What is a HEPA filter?
A HEPA filter is the core of any purifier, it’s what captures the really small particles that are dangerous to our health. The quality of the HEPA filter you use will affect the amount of clean air you’ll get. All HEPA filters have a fixed lifespan, after which you’ll need to replace them with new filters. When they get old their efficiency reduces. You can read more about different filters on our blog.
How often should I change the HEPA filter?
We recommend replacing your filter after 90 days of use at 8 hours a day at the latest. That’s maximum 720 hours in total. We ship replacement HEPAs starting at Rs.1300 from our store.
Why 90 days? Smart Air co-founder Gus tested a single HEPA on his Original DIY for 200 days to see how long it would last in real Beijing air. After 100 days of use at 8 hours a day in Beijing, effectiveness dropped 4%. After 200 days of testing, Gus’s dirty filter was only removing half the particles in the room. This test was done in Beijing. Indian air and Delhi’s in particular is about twice as bad as Beijing’s so filters won’t last as long in these higher pollution levels.
We know that buying new HEPA filters is a significant recurring cost, so we do our best to keep prices low.
Find out more and see the data on our tests on our HEPA longevity test blog post.
What is activated carbon?
HEPA filters are designed to capture particles like the small PM 2.5 particles. Activated carbon, though, captures odors and gases like volatile organic compounds (VOCs). VOC is a big category and includes harmful carcinogens like formaldehyde and benzene.
Does activated carbon really work?
To answer this question, we ran tests with an Industrial Scientific MX6 iBrid gas detector that can detect VOCs and a host of harmful gases. In an enclosed 4.14m2 porch, we lit three cigarettes (known to emit formaldehyde and benzene), turned on a Cannon fan with a carbon filter, and tracked VOC concentration. We also ran a control test of a fan with no carbon attached. The results (left) showed the carbon layer effectively reduced VOC concentrations.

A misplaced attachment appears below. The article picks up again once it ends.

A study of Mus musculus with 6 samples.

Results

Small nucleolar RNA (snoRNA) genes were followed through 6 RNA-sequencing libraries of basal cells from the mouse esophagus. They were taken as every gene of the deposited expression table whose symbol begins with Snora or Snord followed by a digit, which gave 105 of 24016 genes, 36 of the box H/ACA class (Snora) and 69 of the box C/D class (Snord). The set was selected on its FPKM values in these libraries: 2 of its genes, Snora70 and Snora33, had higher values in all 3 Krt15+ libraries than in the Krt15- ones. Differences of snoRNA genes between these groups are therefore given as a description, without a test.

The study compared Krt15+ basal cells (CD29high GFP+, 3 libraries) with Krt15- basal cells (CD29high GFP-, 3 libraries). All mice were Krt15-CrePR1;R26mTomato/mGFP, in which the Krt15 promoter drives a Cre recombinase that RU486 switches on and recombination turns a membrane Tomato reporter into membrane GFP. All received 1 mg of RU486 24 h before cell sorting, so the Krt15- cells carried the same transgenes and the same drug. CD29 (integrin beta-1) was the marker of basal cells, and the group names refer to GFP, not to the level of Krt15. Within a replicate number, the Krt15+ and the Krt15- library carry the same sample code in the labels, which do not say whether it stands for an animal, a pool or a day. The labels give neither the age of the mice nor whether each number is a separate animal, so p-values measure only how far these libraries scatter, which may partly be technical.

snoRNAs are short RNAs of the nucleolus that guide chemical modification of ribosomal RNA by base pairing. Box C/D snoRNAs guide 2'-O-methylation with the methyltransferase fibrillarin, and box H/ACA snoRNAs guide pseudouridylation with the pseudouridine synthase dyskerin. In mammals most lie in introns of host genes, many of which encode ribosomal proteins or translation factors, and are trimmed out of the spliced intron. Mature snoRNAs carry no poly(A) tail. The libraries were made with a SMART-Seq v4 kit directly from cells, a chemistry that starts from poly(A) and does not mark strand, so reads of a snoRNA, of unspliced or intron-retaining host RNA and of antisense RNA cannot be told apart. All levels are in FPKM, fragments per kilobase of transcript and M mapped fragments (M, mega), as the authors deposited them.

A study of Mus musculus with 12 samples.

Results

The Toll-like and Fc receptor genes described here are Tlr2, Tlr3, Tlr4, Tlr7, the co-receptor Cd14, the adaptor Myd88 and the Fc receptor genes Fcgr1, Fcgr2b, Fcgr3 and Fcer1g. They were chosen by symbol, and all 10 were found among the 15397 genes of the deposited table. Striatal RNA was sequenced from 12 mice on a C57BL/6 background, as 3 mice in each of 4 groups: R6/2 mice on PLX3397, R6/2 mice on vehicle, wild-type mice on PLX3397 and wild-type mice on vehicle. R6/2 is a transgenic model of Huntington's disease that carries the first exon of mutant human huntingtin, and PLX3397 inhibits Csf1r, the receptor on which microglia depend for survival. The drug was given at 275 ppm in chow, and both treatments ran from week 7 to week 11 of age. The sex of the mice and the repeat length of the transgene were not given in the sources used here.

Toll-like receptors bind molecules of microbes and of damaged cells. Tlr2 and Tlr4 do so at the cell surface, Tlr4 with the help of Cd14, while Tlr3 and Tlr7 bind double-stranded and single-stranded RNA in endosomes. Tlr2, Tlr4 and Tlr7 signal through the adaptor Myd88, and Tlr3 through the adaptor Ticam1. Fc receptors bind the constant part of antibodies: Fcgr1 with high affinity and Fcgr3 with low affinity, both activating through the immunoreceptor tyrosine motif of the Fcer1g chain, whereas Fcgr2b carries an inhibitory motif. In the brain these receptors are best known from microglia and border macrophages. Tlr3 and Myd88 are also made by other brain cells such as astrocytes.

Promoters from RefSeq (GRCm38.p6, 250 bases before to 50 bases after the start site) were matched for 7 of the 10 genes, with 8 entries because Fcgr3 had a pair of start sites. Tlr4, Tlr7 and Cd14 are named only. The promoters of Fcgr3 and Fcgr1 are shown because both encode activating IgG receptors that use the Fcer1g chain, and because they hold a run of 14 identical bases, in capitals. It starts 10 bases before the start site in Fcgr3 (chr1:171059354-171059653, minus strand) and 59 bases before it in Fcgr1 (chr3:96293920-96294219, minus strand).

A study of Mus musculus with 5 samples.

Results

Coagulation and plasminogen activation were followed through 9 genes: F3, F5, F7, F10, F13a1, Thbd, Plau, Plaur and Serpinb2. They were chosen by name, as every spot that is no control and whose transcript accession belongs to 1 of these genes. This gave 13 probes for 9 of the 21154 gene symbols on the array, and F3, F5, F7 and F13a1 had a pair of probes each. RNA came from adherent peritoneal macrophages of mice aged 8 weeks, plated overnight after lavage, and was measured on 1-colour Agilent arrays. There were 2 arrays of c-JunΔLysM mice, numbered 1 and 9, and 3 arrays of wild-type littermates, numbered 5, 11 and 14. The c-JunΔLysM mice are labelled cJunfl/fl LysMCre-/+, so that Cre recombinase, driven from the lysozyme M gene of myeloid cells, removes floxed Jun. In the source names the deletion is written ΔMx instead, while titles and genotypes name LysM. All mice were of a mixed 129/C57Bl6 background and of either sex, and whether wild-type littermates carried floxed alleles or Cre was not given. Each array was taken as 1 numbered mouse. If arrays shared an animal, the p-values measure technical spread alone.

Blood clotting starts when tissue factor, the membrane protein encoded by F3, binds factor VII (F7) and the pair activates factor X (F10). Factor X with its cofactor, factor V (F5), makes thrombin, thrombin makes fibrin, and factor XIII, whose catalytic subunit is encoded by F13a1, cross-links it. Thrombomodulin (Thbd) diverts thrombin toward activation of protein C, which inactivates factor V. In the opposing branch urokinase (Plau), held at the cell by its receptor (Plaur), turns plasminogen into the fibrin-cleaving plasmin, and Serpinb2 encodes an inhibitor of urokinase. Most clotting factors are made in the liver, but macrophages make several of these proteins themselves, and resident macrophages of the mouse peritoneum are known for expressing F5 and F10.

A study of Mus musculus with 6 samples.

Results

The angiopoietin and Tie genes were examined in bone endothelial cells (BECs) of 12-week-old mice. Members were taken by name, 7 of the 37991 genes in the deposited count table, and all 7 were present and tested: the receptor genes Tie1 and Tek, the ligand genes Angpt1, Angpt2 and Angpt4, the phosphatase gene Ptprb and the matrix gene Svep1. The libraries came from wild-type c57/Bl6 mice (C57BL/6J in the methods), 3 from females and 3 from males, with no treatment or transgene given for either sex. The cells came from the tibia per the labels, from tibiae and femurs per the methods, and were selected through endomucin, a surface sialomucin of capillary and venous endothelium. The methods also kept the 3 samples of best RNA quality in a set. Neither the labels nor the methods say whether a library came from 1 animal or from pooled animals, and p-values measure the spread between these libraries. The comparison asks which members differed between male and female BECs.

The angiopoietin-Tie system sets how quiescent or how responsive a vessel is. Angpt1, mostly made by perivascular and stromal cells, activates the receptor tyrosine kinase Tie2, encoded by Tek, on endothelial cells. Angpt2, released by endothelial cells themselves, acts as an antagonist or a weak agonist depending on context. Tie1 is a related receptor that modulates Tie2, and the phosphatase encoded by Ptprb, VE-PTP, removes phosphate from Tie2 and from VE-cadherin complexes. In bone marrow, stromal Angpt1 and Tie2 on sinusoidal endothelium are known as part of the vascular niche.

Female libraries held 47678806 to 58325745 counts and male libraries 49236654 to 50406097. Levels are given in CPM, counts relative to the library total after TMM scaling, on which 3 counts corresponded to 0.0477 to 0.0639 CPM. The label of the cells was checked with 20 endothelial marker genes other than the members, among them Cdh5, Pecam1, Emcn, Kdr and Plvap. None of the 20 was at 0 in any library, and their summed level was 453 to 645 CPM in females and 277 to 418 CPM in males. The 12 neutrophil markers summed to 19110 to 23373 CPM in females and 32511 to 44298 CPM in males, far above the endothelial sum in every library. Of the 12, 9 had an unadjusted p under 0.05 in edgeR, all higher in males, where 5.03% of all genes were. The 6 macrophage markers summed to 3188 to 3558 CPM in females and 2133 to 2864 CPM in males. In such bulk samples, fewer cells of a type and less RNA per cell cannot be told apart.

Does everyone need a carbon filter?
Not necessarily. Not all homes have dangerous levels of harmful gases or VOCs that would call for a carbon filter. VOCs are more common in homes:
- with recent home renovation or repainting
- with smoke or other offensive odors
- near a source of gas pollution like a factory
If you have inflammation or asthma symptoms, you may also consider using a carbon filter.
Do I still need a HEPA and a Carbon?
Yes. Activated carbon is not very effective at filtering particulate pollution, the primary pollutant affecting cities in China. For that, a HEPA is still the best choice.
How do I install a carbon filter?
If you use a Cannon, you can install an activated carbon filter and a HEPA filter simultaneously. On the fan opening, first place the carbon filter then place the HEPA on top (as shown in the Filter Order diagram to the right). On our Original DIYs, we suggest not using a carbon and HEPA simultaneously. If VOCs are a problem you can use just a carbon on our Original DIY though!
Cannon users can install activated carbon and HEPA layers simultaneously using the stacking order shown above.
Can I wash my HEPA filter
We tested this in our labs, we tried washing, vacuuming and scrubbing a HEPA filter to find out if there was a cheaper way of making your filter last longer. Turns out none of these methods were effective in increasing the lifespan of a HEPA filter, so we still recommend replacing them when their time is up.